By - Source: Toms IT Pro

Lana Krolikowski likes to describe her job as "IT adjacent." As a user experience designer, she works as a user advocate for the needs of the customer, and a translation conduit between what users want, what users actually need and what developers can and will build. From science major to master's degree, Lana gave us some interesting insight on user needs, the value of knowing how to research, and on users not assuming changes are easy.

Q: How did you start your career? And how important do you think education and certifications were for you?

A: Lana's undergraduate degree is in physics, but when she went for her master's degree she wanted to take a bit of a turn. "I went to grad school with the intention of becoming a reference librarian," to help faculty, staff and students meet their research needs. But thanks to a graduate student assistantship, Lana got her hands dirty working on the University of Michigan library website. The same school that library sciences falls under also had a Human Computer Interaction program.  When it came time to pick a concentration, Lana made the switch. "I loved the Human Computer Interaction classes I got to take." She credits her physics undergrad, though, with leading her down the right path. "I think it was the way that physics taught me to think that really made me successful at it."

MORE: Confessions of an IT Pro: Communication Means More Than You Think

"Education, I think, really is important," Lana quickly responds, "because a lot of what we do is research, so just like you need to be taught proper methodology to do biology research, there are proper methodologies to use when doing user research so you're not biasing your outcomes." Because user experience is carried out so early in the process, every decision has a significant impact, making it more important to avoid researcher bias. "An application may not make sense to you, but it makes sense to the user, and that's all that matters."


Q: What are your feelings about the ethics of employee tracking? How far should companies go?

A: Lana has a wholly unique perspective on this question. "It's not something I think about often from what happens to me, but I often think about it in terms of what happens to the users of my designs." When it comes to her own experience, she says if a company is treating the situation like they are both adults, she doesn't really think about it much. Lana has had to ask for exceptions, though, to company-wide site blocks – like social media sites – to effective do her job. "It feels like some jobs are still stuck in the mentality of 'Butt in seat, 40 hours a week', but that's not how I'm productive." Completing projects, and executing on them well, is more important than being concerned with how employees spend every minute while on the job.


Q: What do you wish non-IT employees knew?

A: Lana's advice gets to the heart of some of the biggest frustrations in IT. "Don't ever say 'but it's just'," she says. "'But it's just a web page' or 'but it's just an added field' – it shows a level of not understanding what actually goes into our jobs." The complexities in IT, especially in a good user experience, mean that small changes can have big impacts. A change to one field, Lana points out, may require data changes, or changes to all of the fields that one connects to, let alone the effects on different screen sizes. "Whenever anyone makes a request with 'but it's just', you know they don't have a full understanding of what actually went into the work, and you need to take time and explain it to them."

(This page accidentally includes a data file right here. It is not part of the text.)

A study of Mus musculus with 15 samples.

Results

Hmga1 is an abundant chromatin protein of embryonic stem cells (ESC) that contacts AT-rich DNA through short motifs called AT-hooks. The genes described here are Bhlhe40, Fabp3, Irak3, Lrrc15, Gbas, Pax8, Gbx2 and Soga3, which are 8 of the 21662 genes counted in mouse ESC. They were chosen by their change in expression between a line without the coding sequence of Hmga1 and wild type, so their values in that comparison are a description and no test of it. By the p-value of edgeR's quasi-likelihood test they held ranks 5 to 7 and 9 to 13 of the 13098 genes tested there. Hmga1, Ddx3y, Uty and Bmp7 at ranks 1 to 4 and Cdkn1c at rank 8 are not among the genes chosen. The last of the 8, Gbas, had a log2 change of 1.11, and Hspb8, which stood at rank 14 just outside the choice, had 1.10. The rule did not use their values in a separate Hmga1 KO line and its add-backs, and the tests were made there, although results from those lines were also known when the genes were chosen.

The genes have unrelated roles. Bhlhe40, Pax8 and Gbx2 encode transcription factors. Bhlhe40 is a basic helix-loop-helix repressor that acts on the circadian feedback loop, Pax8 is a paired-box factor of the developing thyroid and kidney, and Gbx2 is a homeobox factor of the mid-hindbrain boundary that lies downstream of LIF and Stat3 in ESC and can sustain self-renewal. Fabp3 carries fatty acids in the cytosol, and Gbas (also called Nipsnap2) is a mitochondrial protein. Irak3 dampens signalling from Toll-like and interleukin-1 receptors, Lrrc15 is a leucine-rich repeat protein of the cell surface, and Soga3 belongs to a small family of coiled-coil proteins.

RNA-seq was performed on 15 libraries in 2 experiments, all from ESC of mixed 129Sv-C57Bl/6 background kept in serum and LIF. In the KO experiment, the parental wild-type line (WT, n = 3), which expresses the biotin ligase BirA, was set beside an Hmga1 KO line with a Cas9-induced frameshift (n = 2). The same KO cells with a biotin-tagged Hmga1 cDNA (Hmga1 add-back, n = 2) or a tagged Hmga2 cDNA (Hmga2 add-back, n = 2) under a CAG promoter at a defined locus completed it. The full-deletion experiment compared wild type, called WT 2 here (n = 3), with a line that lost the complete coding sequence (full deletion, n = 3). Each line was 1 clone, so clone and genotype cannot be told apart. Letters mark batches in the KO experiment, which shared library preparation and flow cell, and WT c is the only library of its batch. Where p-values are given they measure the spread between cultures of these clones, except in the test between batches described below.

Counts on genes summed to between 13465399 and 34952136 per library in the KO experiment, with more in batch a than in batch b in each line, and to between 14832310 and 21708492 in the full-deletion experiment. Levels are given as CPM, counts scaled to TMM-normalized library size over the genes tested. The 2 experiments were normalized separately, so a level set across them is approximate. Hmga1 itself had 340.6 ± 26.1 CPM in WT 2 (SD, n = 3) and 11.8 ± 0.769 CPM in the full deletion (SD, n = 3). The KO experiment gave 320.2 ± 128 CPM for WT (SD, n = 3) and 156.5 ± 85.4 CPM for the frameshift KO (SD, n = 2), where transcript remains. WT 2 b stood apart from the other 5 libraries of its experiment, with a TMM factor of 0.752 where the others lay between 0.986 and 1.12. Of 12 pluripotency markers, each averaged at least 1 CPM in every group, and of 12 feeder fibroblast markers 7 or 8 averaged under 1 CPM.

Q: What is the craziest technical support issue you or your team has ever had to deal with?

A: Customer requests can be as out there and frustrating as any other kind of support issue. With a customer looking for a "multi-ship" option for orders to their current site, Lana and her team were faced with some real challenges. "It was the timing that they chose. They wanted us to implement this in a month, before Christmas, which is their biggest time of year." The team tried to convince the client that a large change to a complicated part of their site during their busiest time of year wasn't in their best interest. "We lost that battle." Faced with the requirement to make the change, Lana's team implemented a solution that, while not perfect, still benefited the client. "It turned out ok in the end, but it's not something I'd recommend."


Q: What is the most valuable skill an IT professional should have?


A: Being able to set your ego aside, Lana says, is what you need to be successful in IT. "The ability to say 'I think I have the best solution for this, but I'm going to listen to what others have to say'." That doesn't mean backing down whenever you're challenged, however. "It's not about not letting others challenge your ideas, or about not challenging their ideas, but don't always assume you're the smartest person in the room." As a user experience designer, this is a big part of Lana's job. "The client knows way more about their business than I will ever know," she says. "And sometimes you just have to say 'Cool, you know this better than I do, I'll just have to take your word on it'. But that doesn't mean you don't do other research, or that you don't think about it."